This is the most commonly asked question about the maintenance of rhododendron plants.
The reason being that rhododendrons require little else in the way of care, other than an occasional light pruning, in order for them to have long, healthy, and productive lives.
Rhododendrons follow basically the same rules for health and vigor as the azaleas do.
This might be the right time and place to refer you to our page on azaleas for some good supplemental information: Azaleas--Easy To Grow & Great For Show
Rhododendrons and azaleas both need filtered sunlight, adequate moisture, and an acid soil for long life and happiness.
The acid soil can be encouraged by mulching with pine needles or oak leaves, and also by adding special rhododendron and azalea fertilizers available at your garden center.
And, since the plants are rather shallow rooted, be careful not to dig or disturb the area around the base of the plants with your temptation to add bulbs or annuals nearby.
So--that brings us back to our primary maintenance consideration of when and how to prune our rhododendrons.
Rhododendrons (and azaleas) set their bloom buds during the summer growing season for the blossoms that will appear on the plants the following spring. For this reason, we don’t want to prune in the summer or in the dormant time of late fall or winter, as we will remove many of next year’s bloom buds.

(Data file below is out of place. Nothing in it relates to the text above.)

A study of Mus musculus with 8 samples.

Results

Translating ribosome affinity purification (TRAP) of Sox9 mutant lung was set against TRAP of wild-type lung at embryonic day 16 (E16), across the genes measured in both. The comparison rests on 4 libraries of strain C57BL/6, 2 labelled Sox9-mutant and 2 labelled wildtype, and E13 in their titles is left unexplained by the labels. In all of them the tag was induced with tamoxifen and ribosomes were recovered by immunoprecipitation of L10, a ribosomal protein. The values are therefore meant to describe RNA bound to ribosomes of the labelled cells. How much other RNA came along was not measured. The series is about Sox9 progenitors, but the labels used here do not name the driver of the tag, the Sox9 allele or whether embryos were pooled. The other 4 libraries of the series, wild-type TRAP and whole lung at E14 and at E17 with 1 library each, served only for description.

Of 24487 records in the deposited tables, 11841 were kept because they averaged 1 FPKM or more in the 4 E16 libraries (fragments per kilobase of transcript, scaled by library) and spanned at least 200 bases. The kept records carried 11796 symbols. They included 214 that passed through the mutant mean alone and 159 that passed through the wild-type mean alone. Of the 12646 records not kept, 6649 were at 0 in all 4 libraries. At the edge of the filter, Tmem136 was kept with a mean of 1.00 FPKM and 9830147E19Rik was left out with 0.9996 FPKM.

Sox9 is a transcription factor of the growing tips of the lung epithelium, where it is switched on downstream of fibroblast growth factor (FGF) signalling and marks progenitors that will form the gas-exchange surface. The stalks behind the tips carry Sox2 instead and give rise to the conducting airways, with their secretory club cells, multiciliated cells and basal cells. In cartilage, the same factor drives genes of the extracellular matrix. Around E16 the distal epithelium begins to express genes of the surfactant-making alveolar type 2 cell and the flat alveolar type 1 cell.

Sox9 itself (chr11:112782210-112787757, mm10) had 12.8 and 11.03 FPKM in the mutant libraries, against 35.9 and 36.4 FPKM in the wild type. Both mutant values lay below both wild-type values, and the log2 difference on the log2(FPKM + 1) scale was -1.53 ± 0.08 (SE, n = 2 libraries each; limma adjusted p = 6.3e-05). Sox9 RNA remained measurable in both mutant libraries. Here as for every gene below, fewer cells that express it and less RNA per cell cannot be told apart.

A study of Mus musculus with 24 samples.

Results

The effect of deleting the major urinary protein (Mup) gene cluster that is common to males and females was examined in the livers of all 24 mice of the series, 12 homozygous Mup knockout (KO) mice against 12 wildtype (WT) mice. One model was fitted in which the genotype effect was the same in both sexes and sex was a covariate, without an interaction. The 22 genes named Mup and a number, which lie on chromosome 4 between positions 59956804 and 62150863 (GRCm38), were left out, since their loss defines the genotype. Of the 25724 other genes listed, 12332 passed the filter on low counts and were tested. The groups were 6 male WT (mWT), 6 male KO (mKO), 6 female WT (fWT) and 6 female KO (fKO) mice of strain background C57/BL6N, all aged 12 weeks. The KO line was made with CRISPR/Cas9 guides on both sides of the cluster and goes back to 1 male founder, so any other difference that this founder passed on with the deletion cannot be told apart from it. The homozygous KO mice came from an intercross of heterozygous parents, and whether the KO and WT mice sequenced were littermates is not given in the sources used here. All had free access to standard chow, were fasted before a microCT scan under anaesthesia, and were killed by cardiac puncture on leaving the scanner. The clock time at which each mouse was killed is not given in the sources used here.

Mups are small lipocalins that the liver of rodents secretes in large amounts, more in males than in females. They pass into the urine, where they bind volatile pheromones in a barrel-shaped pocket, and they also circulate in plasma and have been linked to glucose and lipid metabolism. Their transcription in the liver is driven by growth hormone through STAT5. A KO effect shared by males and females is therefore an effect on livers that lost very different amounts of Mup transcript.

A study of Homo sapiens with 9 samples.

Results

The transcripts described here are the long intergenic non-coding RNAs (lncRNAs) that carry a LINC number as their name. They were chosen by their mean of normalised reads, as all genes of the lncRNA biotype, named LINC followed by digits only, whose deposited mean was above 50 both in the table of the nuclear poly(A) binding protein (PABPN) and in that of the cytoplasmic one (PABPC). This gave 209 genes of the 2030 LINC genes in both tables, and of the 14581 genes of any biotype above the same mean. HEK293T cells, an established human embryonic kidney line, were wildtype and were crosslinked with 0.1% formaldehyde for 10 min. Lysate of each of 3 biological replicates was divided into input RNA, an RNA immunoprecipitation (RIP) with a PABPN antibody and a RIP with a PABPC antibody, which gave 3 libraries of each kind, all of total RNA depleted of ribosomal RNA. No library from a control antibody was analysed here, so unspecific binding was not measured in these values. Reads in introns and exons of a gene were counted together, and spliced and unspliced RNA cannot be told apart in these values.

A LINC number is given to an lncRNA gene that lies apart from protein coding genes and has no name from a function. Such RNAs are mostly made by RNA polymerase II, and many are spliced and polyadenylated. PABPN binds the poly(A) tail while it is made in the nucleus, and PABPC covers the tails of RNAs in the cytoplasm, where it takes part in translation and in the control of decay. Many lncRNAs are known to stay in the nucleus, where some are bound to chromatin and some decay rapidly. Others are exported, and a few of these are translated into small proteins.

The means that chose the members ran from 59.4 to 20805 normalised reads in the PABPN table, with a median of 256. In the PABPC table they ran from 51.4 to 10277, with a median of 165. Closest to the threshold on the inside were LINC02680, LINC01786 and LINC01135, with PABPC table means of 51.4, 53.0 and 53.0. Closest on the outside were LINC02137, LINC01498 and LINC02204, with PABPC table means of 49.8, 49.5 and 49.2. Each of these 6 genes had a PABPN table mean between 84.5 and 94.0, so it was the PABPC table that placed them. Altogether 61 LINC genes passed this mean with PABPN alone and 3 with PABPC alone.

The best time to prune is during the period of late spring just as the blossoms are fading out.
This way, we can basically deadhead (remove the spent blooms) and shape up the plants all at the same time.
Look for any dead or dying branches and snip these out with your pruning shears as you give your rhododendrons a late spring clean up.
And take this opportunity to shape or redefine your plants if they’ve sent out any irregular branches that disturb the symmetry or aesthetic appearance of your rhododendrons.
If your rhododendrons have gotten too large or ragged from years of neglect, it might be time to do some severe pruning by boldly cutting the plants back to a height of 2 to 3 feet.
You probably won’t have any blooms for a year or two after this drastic surgery, but it might be just what your older rhododendrons need for rejuvenation.
Add a bit of azalea and rhododendron food and mulch the area well, after your pruning is completed, in order to send your plants along on their merry way.